Legendary Hamilton-schooled architect awarded posthumous spot on association Honour Roll


Published April 24, 2024 at 8:19 am

Raymond Moriyama

An architect who went from an internment camp in B.C. to graduating top of his class at Hamilton’s Westdale High School, to creating some of the most iconic Canadian-designed buildings in the world has been posthumously recognized on the Ontario Association of Architects’ Honour Roll.

Raymond Moriyama’s momentous life journey – from his childhood in a Japanese internment camp in his own country during World War II, to becoming one of the country’s most respected, talented, and humanistic architects – earned him the association’s highest honour a little over seven months after his death last year at the age of 93.

The experience of being one of 22,000 people of Japanese descent – most were Canadian citizens – yanked from their Vancouver homes and sent to internment camps, helped shape Moriyama, whose childhood project was a tree fort, which he told McLeans magazine in 2016 was built behind the backs of the watchful RCMP in the camp with an axe as a hammer and “an old borrowed saw, six spikes, some nails, a rope, and mostly branches and scraps from the lumberyard.”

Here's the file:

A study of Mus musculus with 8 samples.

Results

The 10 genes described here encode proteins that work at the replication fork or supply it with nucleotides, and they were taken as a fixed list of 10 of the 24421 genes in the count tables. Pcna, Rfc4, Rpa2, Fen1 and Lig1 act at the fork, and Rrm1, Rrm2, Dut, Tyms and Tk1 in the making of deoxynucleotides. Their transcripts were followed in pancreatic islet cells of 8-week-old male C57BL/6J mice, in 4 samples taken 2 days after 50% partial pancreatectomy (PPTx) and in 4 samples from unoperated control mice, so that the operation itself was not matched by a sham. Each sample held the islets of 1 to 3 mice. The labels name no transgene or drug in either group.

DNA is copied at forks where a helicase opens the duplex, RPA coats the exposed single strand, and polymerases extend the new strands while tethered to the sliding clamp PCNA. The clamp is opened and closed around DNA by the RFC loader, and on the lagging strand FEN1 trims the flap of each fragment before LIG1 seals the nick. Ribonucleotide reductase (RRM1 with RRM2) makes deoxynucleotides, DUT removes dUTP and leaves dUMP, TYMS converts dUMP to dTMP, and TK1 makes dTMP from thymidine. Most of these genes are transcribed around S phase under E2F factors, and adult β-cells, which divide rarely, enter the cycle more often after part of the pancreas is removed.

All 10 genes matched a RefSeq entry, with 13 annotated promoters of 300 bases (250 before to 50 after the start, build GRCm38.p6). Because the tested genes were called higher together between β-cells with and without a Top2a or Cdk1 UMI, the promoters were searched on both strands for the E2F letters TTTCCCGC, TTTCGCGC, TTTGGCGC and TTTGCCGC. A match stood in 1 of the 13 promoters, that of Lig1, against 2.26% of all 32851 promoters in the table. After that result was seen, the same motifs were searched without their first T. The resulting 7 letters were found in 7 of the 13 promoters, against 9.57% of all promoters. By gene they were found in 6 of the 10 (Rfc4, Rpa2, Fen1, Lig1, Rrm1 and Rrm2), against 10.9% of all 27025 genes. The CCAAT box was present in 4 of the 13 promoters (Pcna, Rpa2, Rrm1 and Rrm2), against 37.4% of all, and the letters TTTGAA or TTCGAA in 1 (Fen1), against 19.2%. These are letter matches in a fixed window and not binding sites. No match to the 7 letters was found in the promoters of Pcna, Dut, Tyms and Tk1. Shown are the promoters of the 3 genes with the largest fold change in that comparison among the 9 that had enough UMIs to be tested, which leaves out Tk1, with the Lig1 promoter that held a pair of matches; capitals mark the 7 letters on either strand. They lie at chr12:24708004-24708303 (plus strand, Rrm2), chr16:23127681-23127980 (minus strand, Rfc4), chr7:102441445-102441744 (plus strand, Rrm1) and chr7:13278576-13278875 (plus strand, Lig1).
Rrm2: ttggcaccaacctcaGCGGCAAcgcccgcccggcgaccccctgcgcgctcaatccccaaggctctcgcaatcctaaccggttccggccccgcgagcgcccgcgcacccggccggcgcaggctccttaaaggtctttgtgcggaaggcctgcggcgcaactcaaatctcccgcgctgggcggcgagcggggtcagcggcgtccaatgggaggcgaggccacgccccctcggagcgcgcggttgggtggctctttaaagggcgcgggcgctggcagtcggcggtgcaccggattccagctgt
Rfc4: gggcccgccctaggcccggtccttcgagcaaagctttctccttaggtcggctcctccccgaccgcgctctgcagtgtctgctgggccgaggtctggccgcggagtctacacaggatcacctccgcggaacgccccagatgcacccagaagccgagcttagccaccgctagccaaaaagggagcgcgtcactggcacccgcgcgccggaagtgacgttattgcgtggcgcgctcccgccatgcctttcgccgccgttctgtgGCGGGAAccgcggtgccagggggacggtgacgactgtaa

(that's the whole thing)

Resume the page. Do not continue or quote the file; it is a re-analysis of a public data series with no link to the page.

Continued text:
Moriyama applied his vision and understanding of design to such noted buildings as the Ontario Science Centre, the Toronto Reference Library and the Bata Shoe Museum; all in Toronto; the Canadian War Museum and Ottawa City Hall in the nation’s capital; Science North in Sudbury; and the striking Canadian Embassy in Tokyo.

His work has earned him scores of honours and accolades in the architectural world, including the Royal Architectural Institute of Canada Gold Medal, International Fellowship with the Royal Institute of British Architects, Honorary Fellowship with the American Institute of Architects, the Order of Ontario, the Order of the Rising Sun (Japan), Sakura Award, the Companion of the Order of Canada, as well as honorary degrees from ten worldwide universities.

Moriyama’s projects also consistently earn praise for their intimate relationship to land, nature, and community – exemplifying his commitment to a sustainable world.

“His wide-spanning, diverse achievements are impressive,” noted the association in a news release, “but perhaps most importantly, his impact on those passionate about designing a better world is truly immeasurable.”

The firm he co-founded – Moriyama Toshima – still carries on his legacy and has been tapped to design the Post Lofts development in Oshawa.

Moriyama will be officially will honoured at the association’s annual conference next month.